The lights are on
UPDATE: The full review is now posted online! Go read it!
ORIGINAL STORY: It’s still two weeks until the release of The Legend of Zelda: Skyward Sword, and I can’t post the full review until next week. Since our December issue will be in subscribers' hands soon, though, we wanted to share our score and a few impressions here rather than let it get spoiled for you on some forum.
Here’s the big news: Skyward Sword is one of those rare treasures, a 10/10 game. In fact, it’s the first 10 that I’ve ever given out in my two years at Game Informer. While you’ll have to wait until next week to read my full review and see all the reasons why, here are a few paragraphs to get you started.
Skyward Sword’s combat and puzzle-solving rise above the majority of Wii releases (and even most recent Zelda games) thanks to the clever and challenging implementation of motion controls. Most Zelda titles have simplistic combat where mashing a single button turns into a frenzy of flourish-filled combos. Skyward Sword demands a much higher level of patience and mastery. The direction you swing the Wii remote directly correlates to the angle the sword slices in-game, and enemies are smart and fast enough to block incoming attacks.
I had concerns that carefully plotting my attacks for every swing would get boring or frustrating, but the opposite was true. I’ve never felt as engaged or interested in the combat portion of a Zelda game as with Skyward Sword. If you run into a group of enemies waggling the Wii remote like a madman, you will be torn to shreds. Success in swordplay depends on studying opponents’ moves and attacking at the right time and from the right angle. When the correct method to defeat each foe finally clicked, I felt a sense of satisfaction that repeatedly tapping the A button never provided.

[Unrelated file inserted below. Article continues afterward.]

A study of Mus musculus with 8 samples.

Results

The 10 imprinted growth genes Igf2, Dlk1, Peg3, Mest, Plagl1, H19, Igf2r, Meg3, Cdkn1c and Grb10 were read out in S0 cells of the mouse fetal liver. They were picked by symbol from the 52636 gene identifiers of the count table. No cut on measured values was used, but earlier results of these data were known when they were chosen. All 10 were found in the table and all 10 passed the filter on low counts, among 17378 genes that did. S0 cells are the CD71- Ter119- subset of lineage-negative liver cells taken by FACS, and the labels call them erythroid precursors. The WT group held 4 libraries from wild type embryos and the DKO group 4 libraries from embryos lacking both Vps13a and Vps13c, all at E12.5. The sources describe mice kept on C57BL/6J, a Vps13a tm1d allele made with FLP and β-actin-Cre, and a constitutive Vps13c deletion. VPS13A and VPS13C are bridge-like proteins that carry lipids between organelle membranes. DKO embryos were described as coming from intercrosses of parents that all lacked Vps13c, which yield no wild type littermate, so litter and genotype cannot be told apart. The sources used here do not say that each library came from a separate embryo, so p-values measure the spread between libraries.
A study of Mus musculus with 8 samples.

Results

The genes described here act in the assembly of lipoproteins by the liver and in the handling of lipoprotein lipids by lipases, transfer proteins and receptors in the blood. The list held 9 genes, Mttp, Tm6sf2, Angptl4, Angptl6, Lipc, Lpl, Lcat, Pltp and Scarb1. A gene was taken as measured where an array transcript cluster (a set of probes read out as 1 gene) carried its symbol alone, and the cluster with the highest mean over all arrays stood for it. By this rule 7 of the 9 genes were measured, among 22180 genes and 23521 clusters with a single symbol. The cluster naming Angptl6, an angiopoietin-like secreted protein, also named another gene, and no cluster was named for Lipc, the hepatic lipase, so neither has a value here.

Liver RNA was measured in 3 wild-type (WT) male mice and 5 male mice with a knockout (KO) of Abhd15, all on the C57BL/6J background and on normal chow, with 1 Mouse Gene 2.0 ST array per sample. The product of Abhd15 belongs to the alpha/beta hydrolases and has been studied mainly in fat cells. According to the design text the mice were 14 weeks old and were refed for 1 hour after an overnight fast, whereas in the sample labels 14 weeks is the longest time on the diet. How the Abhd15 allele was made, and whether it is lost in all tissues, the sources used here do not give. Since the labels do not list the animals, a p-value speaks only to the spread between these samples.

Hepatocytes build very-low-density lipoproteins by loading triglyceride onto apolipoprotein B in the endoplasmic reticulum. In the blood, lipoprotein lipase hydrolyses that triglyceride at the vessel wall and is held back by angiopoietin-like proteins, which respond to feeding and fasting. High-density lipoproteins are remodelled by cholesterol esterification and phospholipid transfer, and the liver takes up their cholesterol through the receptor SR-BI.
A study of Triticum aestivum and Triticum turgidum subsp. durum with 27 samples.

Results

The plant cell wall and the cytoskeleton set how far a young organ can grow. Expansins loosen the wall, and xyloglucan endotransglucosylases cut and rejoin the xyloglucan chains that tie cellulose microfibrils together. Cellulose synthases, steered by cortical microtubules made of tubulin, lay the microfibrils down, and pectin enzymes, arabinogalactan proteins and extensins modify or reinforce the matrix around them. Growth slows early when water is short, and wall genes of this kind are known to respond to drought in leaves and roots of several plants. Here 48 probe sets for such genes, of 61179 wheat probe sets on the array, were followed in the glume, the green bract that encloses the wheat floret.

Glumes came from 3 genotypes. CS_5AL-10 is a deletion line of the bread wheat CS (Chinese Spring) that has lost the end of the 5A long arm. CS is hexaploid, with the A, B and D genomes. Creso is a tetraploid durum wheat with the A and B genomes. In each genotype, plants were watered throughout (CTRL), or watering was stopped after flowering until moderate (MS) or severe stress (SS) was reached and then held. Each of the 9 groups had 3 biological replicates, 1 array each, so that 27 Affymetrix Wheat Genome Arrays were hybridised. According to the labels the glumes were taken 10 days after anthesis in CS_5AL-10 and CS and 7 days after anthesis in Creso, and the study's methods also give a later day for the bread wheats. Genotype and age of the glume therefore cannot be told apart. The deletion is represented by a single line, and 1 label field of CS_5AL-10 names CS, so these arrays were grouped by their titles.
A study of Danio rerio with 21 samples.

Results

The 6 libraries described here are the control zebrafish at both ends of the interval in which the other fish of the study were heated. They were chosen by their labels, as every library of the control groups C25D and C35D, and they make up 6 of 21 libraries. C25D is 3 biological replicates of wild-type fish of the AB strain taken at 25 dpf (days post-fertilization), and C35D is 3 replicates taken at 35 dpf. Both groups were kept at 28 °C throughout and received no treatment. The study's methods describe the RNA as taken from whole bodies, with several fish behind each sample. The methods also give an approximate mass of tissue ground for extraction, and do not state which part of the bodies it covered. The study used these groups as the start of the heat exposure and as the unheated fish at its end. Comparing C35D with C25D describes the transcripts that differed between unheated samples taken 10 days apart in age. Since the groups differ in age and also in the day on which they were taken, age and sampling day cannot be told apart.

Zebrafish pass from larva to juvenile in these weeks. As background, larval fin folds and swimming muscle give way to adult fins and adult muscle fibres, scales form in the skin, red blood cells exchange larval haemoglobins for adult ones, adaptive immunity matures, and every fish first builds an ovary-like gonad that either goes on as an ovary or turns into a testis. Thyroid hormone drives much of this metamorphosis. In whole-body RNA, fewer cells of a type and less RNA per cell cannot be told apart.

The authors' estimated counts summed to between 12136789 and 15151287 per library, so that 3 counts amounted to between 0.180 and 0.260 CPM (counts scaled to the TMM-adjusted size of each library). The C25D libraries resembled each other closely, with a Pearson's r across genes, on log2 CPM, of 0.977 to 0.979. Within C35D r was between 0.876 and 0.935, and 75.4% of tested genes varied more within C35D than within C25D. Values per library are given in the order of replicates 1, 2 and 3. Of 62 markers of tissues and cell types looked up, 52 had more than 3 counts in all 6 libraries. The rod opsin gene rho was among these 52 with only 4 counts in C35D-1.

This impressive combat system leads to some of the most interesting boss battles in the series’ history. Whether you’re fighting a giant scorpion or a sword-swinging robot, Skyward Sword rarely falls back on the formula of using a tool to knock out the boss and then attacking it three times in a row. You need to be much smarter and much more persistent to best these bad guys. In fact, the last two boss encounters are the most difficult fights in any Zelda game thus far.
Return to gameinformer.com next Friday, November 11, to read the full Legend of Zelda: Skyward Sword review, or look for it in the December issue of Game Informer. The digital edition of our December issue will be available here on Tuesday, November 8. If you'd like to become a Game Informer Digital subscriber, click here.